Stop the War campaigner compensated following police assault

I helped Audrey White, 59 receive an undisclosed amount in compensation and a formal apology from Greater Manchester Police after she had a Gordon Brown face mask forcibly removed by officers during an anti-war protest in September 2008. I argued that the police had assaulted Mrs. White and unlawfully breached her right to freedom of expression. The police initially rejected Mrs. White’s complaint but were forced to apologise and pay compensation.

Mrs. White is an exceptional businesswoman who has travelled all over the world. Now retired and living in Liverpool, she has dedicated the last 9 years of her life to campaigning against the wars in Iraq and Afghanistan, taking a prominent role in the Stop the War coalition.

On 20 September 2008 she attended a protest at the Labour Party conference, where she was also invited to meet politicians as part of a delegation.

To get press attention, she had a banner-sized Bank of England mock cheque made up payable to the ‘Oil Companies and Arms Industry for the wars in Afghanistan and Iraq- the sum of 12 billion pounds, the blood of one million Iraqis and the deaths of 300 British soldiers’ signed by Gordon Brown. She also wore a rubber Gordon Brown facemask which she later shared with others. The publicity stunt was well received, with Mrs. White appearing at the front of the protest.

Audrey White, Stop the War campaigner, wearing the Gordon Brown facemask which the police forcibly removed.

Audrey White, Stop the War campaigner, wearing the Gordon Brown facemask.

During the course of the protest, she passed the mask around to others, including her brother Mark Holt. The protest was good natured, and as Mrs. White was familiar with many of the protesters and held a senior position, she wore a fluorescent bib and acted as a ‘steward’.

Some hours later, near the end of the protest, Audrey White was suddenly approached by a female police officer and ordered to remove the Gordon Brown mask she was wearing. She was not told why and declined to do so. The officer then forcibly removed the mask with help from another colleague, dragging Audrey White to the ground.

Mrs. White, who suffers from low bone density, injured her neck and back in the public assault. She was in pain, upset and humiliated. The police confiscated the mask, but she was not arrested.

She filed a police complaint about her treatment to the Independent Police Complaints Commission, who referred her to Greater Manchester Police. They said their action was reasonable, necessary and proportionate.

Feeling that she had been treated unfairly, Audrey White instructed me to pursue her civil action against the police.

Greater Manchester Police initially denied that they had done anything wrong. They argued that they were exercising a power to remove disguises under s.60 of the Criminal Justice and Public Order Act. This is intended to prevent people from hiding their identity.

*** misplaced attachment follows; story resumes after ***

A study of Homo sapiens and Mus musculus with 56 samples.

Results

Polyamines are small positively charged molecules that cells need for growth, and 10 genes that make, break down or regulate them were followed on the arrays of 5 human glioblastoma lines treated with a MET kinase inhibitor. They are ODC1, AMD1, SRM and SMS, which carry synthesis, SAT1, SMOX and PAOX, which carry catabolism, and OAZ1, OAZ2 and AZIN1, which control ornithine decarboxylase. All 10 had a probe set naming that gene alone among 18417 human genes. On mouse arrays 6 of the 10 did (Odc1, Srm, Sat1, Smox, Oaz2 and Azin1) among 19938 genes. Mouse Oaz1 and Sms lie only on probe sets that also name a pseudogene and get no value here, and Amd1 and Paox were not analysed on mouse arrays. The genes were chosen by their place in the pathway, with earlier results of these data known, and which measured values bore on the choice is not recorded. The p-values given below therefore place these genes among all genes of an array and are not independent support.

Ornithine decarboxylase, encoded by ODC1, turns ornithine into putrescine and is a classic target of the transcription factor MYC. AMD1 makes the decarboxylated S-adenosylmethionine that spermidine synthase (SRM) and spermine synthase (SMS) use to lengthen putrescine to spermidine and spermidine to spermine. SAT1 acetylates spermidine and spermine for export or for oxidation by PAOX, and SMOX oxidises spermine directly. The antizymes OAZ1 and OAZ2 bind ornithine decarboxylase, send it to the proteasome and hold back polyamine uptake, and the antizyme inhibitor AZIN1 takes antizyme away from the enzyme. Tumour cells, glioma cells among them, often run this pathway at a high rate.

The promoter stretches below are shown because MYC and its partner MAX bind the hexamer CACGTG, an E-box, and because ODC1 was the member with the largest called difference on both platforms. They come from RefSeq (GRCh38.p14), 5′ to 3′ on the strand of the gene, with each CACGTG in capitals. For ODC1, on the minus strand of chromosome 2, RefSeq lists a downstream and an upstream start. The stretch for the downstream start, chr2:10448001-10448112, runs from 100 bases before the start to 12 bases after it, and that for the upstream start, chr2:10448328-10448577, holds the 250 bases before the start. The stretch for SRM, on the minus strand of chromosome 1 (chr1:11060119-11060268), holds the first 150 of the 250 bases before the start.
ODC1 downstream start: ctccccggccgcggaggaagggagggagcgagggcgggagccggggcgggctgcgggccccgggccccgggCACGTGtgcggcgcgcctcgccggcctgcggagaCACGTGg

I used legal powers of disclosure to obtain copies of the police officers’ notebooks. In those I identified inconsistencies, the most crucial of which was that the police officers claimed to be using their powers to remove Mrs. White’s mask, which was considered a disguise, to reveal her identity. However, they did not state that they believed that the mask was a disguise for that purpose.

Mrs. White and others had been wearing the mask all day without challenge from the police, she was known to them as a prominent member of the protest who was acting as a steward, and she was part of a senior delegation who met with politicians. It was also obvious that the mask was being worn in a peaceful protest for political effect.

‘There was no reason for the female police officers concerned to believe that she was attempting to conceal her identity. Consequently, it was unlawful to remove the mask using such unnecessary force. In doing so this amounted to police assault and breached her right to freedom of expression.

I was determined to pursue Audrey White’s claim from the beginning. Over the past few years there has been a steady erosion of our civil liberties. Matters are made worse when the police go over and beyond the extensive powers they now have. We must all fight to preserve and maintain our fundamental right to freedom of expression of opinion.

Mrs. White received a formal written apology from the Chief Constable of Greater Manchester Police, an undisclosed amount in compensation and her full legal costs.

Press coverage of this police misconduct case

Mrs. White’s case was covered by the BBC, who publicly apologised in a statement, and by the Manchester Evening News.